House GOP grapples with its transparency oath on budget deal

The eleventh-hour budget deal struck late last week poses a challenge for the promises that House Republicans made to increase transparency.

Majority Leader Eric CantorEric Ivan CantorMeet Trump's most trusted pollsters Embattled Juul seeks allies in Washington GOP faces tough battle to become 'party of health care' MORE (R-Va.) has scheduled a vote on the final spending bill for Wednesday, but that timetable was in doubt Tuesday morning.


Because the legislation was not introduced until nearly 2 a.m. Tuesday, Republicans would have to waive the "three-day rule" or find a way around it.

The delay complicated efforts by the party leadership to assess support for the bipartisan deal. With a government shutdown looming again on Friday, officials in both parties expect the eventual bill to pass the House and Senate. But after a 2010 election campaign in which Republicans tarred Democrats for approving complex legislation they hadn’t read, lawmakers are hesitant to commit to the budget agreement without examining the fine print.

“A lot of people are waiting to see the final text before making a decision,” a House GOP leadership aide said Monday afternoon.

While the White House posted some details of the spending agreement on Saturday, Republican leaders have not circulated any details to members beyond the briefing they received from Speaker John BoehnerJohn Andrew BoehnerIs Congress retrievable? Boehner reveals portrait done by George W. Bush Meadows to be replaced by Biggs as Freedom Caucus leader MORE (R-Ohio) when the deal was struck late Friday night, aides said.

Democrats were similarly in the dark over the weekend.

“You may not be surprised to hear this, but they’re still sifting through the areas where they are going to make cuts,” Rep. Chris Van Hollen (Md.), the top Democrat on the House Budget Committee, said Sunday on ABC’s “This Week.” “You can’t find anybody today, actually, who knows exactly what cuts we’re proposing until probably the end of the day today, maybe early next week.”

Republicans say they can satisfy their rule that legislation be public for parts of at least three calendar days by posting the bill at any point Monday night, but in practice, members would have less than two days to read the bill. 

“It does violate the spirit, if not the letter, of the rule,” said Phineas Baxandall, program director for tax and budget policy at the U.S. Public Interest Research Group.

During a press conference last week, BoehnerJohn Andrew BoehnerIs Congress retrievable? Boehner reveals portrait done by George W. Bush Meadows to be replaced by Biggs as Freedom Caucus leader MORE indicated he would not waive the transparency rule: “Well, in the House, you know, we have a three-day layover policy so people can actually read the bill.”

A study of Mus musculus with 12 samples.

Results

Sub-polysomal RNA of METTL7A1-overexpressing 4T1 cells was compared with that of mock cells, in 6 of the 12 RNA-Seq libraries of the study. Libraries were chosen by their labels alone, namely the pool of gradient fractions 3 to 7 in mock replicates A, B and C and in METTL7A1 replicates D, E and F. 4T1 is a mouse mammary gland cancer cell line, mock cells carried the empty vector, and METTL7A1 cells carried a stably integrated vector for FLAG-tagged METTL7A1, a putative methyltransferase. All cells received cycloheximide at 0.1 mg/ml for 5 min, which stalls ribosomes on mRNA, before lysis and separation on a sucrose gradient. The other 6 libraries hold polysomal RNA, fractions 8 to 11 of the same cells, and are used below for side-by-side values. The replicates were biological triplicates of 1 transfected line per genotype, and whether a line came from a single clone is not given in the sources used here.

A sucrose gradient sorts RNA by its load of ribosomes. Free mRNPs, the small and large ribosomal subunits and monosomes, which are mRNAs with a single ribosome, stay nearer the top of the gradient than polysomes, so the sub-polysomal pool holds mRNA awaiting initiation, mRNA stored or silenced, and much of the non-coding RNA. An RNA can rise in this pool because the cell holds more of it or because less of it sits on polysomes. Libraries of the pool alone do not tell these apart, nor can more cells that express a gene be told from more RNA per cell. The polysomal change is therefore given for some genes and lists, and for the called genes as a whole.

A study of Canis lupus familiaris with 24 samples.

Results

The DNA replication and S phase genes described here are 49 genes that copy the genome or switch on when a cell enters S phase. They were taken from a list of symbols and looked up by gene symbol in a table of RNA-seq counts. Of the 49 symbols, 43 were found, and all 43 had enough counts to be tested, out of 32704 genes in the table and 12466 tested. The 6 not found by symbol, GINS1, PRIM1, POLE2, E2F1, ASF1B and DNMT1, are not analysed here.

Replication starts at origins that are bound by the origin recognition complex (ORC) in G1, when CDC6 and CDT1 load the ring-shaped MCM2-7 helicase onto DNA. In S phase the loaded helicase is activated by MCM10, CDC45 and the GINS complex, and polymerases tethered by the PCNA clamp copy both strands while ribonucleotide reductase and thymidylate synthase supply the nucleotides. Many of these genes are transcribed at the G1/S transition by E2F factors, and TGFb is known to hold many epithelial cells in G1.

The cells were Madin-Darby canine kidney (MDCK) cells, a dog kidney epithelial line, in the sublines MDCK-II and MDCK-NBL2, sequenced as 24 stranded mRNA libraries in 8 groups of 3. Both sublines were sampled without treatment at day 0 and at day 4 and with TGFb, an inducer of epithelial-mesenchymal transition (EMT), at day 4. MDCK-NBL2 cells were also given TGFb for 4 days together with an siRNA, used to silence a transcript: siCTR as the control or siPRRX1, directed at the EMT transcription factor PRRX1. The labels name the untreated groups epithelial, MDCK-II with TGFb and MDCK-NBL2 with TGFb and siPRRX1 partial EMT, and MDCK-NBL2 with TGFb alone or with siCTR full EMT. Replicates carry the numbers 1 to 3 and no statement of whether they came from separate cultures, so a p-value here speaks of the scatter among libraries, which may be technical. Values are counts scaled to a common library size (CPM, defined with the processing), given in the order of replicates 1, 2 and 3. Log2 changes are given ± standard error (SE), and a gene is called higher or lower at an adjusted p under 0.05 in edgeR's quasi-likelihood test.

GOP aides acknowledged that if appropriators missed the midnight benchmark, the vote would be pushed to Thursday. That would squeeze the Senate, however, since both chambers must pass the agreement by Friday, when current funding under the one-week stopgap measure runs out.

Dozens of liberal and conservative House lawmakers are expected to oppose the agreement, but whether final passage would be threatened is unclear. After 28 Republicans broke with the party to oppose the stopgap measure early Saturday, Boehner is expected to need Democratic votes to pass the long-term measure.

Political observers will be watching in particular to see how many of the 87 members of the freshman class Boehner loses.

“We’ll get some of those votes, others we won’t,” Boehner said Monday on Fox News.

The last-minute accord has also opened both sides to criticism about the secretive, backroom nature of the negotiations. Republicans scored points by passing an initial spending bill in February under an open amendment process, but the decisions about what provisions ended up in the final legislation were made by only a handful of negotiators. 

While watchdog groups have praised Republicans and President Obama for eliminating earmarks in this year’s appropriations process, they plan to scrutinize the legislation for non-monetary policy items that were slipped in without public debate.

Sen. Jon TesterJonathan (Jon) TesterBennet reintroduces bill to ban lawmakers from becoming lobbyists Schumer seeks focus on health care amid impeachment fever Red-state Democrats worry impeachment may spin out of control MORE (D-Mont.) on Saturday boasted that he had secured the inclusion of language delisting Montana wolves from the federal endangered species list. The issue generated little attention when lawmakers first tried to insert it into the original House measure, and a similar amendment was thrown out because it tried to legislate policy in an appropriations bill. Rep. Mike Simpson (R-Idaho), chairman of an appropriations subcommittee, also pushed for the wolf provision, which wildlife protection groups opposed.

“Those are policy issues. Those are not budget issues,” said Sarah Dufendach, vice president for legislative affairs at Common Cause, coupling the wolf item with debates about abortion and environmental regulation that she argued were misplaced in the budget debate.

Baxandall said the wolf provision is “similar to an earmark in that it’s a special public set-aside for a particular vote. It doesn’t have to have a dollar amount to be the same as earmarks.”

This story was first posted at 8:02 p.m. on April 11.